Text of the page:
On “Bodega Birth,” the second track from Brooklyn post-punk band Bodega’s debut full-length Endless Scroll, the band declares: “This is Bodega. This is documentary.” It’s true. Throughout the 15-track album the band dwells on our cultural artifacts, recording thoughts on Woody Guthrie, The Smith’s “Heaven Knows I’m Miserable Now,” defunct Brooklyn venue Palisades, Leonardo DiCaprio’s role as Jack in Titanic. The Brooklyn quintet is firmly rooted in the tradition of post-punk music – you can hear the influence in the barked vocals, the staccato guitar interruptions, the plodding drums, which are played in atypical fashion by standing drummer Montana Simone on a minimal kit with vocalist Nikki Belfiglio occasionally offering additional percussion. There’s a clear line to classics of the genre like Wire or Gang of Four, but Bodega maintains relevancy with an updated musical vocabulary and that focus on documentary of the current social climate.
Most clearly, Endless Scroll can be tied together by themes of a claustrophobic digital age. It’s present in the album’s title and the computerized voice that introduces the opening track and returns on “Bookmarks” with the detached interjection “I touch myself while staring at your text chat box.” That almost sarcastic post-modern wit is central to the lyricism throughout as well. Even at Bodega’s most sincere moments, like “Jack In Titanic,” where vocalist/guitarist Ben Hozie highlights masculine ideals through first-person aspirations, there’s a wry tone to the commentary. The lyrics on that track progress from “no one is as salty as the seven seas except me and Jack in Titanic” to the parody of “no one knows the cure for feral deadly disease except me and maybe Jack in Titanic.”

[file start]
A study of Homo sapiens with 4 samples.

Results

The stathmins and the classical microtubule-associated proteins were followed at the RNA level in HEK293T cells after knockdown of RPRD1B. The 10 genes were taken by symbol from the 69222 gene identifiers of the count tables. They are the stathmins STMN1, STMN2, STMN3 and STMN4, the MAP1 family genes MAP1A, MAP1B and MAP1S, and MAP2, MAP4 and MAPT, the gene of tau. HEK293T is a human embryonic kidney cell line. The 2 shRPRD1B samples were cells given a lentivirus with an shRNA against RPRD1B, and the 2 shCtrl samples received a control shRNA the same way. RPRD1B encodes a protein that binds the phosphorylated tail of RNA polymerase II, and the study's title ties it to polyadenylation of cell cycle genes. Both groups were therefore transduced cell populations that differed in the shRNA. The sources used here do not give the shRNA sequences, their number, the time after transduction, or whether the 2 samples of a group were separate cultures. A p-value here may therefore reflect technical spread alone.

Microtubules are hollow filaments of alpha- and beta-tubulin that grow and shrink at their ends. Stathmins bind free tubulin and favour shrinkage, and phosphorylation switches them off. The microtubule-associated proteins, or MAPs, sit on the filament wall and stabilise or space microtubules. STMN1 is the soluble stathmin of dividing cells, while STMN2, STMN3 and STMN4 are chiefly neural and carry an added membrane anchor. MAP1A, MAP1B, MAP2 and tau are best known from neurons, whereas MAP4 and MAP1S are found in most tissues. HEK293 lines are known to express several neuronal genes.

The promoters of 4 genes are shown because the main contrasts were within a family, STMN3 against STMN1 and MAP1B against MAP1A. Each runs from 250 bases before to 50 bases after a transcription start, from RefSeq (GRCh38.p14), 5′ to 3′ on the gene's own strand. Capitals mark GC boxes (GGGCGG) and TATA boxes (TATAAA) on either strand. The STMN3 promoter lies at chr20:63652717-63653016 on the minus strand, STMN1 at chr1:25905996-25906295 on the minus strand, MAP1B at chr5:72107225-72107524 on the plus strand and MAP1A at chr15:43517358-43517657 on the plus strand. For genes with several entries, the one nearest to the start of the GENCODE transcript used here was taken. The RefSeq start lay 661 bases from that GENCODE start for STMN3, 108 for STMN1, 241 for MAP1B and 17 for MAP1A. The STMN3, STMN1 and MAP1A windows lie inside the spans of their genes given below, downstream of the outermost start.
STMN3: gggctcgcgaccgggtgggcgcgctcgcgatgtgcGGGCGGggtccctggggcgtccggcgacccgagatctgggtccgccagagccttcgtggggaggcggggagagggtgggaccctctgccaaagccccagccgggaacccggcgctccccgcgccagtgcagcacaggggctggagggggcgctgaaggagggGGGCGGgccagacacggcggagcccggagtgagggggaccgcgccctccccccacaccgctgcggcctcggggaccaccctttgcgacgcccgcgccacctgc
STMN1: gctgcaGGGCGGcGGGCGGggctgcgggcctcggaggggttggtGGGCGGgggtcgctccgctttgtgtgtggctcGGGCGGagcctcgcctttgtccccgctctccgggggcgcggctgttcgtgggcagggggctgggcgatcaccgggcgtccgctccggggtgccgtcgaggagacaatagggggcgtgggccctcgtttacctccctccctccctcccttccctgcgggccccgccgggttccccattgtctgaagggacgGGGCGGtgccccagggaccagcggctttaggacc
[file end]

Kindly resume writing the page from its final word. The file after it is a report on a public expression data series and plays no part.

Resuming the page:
The power of the lyrical delivery, though, comes with much credit to the tightly interlocked grooves of the instrumentals. Particularly given the spoken inflection of the vocals and often repetitive rhythmic backing, Bodega likely takes more influence from hip-hop than the funk that inspired many early post-punk acts. Elsewhere, the band dabbles with dancey punk (the Belfiglio-fronted “Gyrate”), Velvet Underground malaise (“Charlie”), and noisy guitar rock (“Truth Is Not Punishment”). The fact that Austin Brown of the similarly musically-omnivorous punk band Parquet Courts produced the album is likely no coincidence.
Endless Scroll ends with “Truth Is Not Punishment,” a seeming declaration of the importance of this honest documentary through repetition of the title phrase. But the idea becomes less clear when realizing the first chorus is introduced “you asked me advice so I wrote you a lie: I typed ‘truth is not punishment.’” In a similar way the album speaks ambiguously throughout. At times seeming to comment neutrally, at times believably angry, and yet at other moments Bodega seems to be challenging the listener, or the society they’re commenting on, to take a side and admit fault or argue back. It’s this critical tension that serves as a key to making Endless Scroll such a strong debut.